Over the past two decades, the U.S. has been slammed with devastating hurricanes. We all know the name Katrina because of the hurricane that hit New Orleans and caused over 125 billion dollars in damage, which sadly isn’t even the most in history.

In 2017 Hurricane Harvey made landfall in Texas and caused catastrophic flooding, which caused even more damage than Katrina.

This hurricane season hasn’t been anything like 2005 for example, but this year could break the record for the most named storms ever. The record is 28, and with 2 months left in the season, 2020 already has 25 storms.

Although none have the storms have been devastating, there have been a few to remember so far, four of which were something meteorologists call rapid intensification. This means that the storm jumps its wind speed by a significant number in a short amount of time.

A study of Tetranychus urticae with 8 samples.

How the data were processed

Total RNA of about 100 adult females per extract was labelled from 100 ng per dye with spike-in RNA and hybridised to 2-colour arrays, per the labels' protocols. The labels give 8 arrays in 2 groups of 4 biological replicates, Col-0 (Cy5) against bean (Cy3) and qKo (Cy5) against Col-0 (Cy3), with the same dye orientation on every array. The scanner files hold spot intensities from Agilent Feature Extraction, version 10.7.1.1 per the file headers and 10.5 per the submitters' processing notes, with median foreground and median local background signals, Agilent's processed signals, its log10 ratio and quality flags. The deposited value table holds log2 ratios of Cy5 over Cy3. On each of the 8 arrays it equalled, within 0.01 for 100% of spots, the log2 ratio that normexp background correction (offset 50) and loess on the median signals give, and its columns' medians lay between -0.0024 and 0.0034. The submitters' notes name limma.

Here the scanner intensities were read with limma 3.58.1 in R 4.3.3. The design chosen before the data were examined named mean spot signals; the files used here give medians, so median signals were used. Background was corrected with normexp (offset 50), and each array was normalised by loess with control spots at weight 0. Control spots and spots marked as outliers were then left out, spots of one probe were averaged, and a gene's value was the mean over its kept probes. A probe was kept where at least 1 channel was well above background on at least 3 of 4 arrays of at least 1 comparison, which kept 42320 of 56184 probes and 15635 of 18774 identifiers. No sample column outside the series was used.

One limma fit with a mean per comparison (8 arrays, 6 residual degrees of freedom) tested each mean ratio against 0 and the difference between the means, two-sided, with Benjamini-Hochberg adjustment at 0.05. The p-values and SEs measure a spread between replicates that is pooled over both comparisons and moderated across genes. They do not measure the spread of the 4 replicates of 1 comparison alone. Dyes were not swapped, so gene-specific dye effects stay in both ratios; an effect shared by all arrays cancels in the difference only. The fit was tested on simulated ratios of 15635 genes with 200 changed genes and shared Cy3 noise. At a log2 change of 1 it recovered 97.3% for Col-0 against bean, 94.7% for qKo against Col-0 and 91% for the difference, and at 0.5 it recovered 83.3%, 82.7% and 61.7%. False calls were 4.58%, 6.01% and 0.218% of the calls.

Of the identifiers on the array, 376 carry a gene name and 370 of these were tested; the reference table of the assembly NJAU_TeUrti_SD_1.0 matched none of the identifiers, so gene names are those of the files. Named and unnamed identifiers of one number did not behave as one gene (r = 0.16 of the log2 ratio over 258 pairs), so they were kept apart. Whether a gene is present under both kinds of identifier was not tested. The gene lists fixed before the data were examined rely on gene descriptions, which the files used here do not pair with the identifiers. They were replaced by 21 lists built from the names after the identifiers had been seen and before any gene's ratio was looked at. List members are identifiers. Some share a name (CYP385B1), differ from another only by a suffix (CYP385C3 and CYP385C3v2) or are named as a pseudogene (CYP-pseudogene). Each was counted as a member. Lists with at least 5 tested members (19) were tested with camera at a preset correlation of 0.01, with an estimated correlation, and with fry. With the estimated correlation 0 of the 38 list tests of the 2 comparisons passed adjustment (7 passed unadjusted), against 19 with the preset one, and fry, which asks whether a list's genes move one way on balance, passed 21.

The first to do so was Hurricane Hanna, which made landfall in Southern Texas. It jumped from 45 mph to 80 mph in just 24 hours. The second storm to have rapid intensification was Hurricane Laura which jumped from 65 mph all the way to 110 mph.

Hurricane Sally astonished meteorologists when it jumped from 60 mph to 100 mph in just 12 hours. And even though it wasn’t a hurricane, Gamma, a tropical depression made landfall with winds that had doubled from 35 to 70 mph.

With two months left in the hurricane season, anything is possible.

2020 will most likely break the record for the most named storms, but so far none have been devastating. Hopefully, for the next two months, nothing brews up in the Atlantic that will be severe.

All we can do is be hopeful; it is 2020 after all.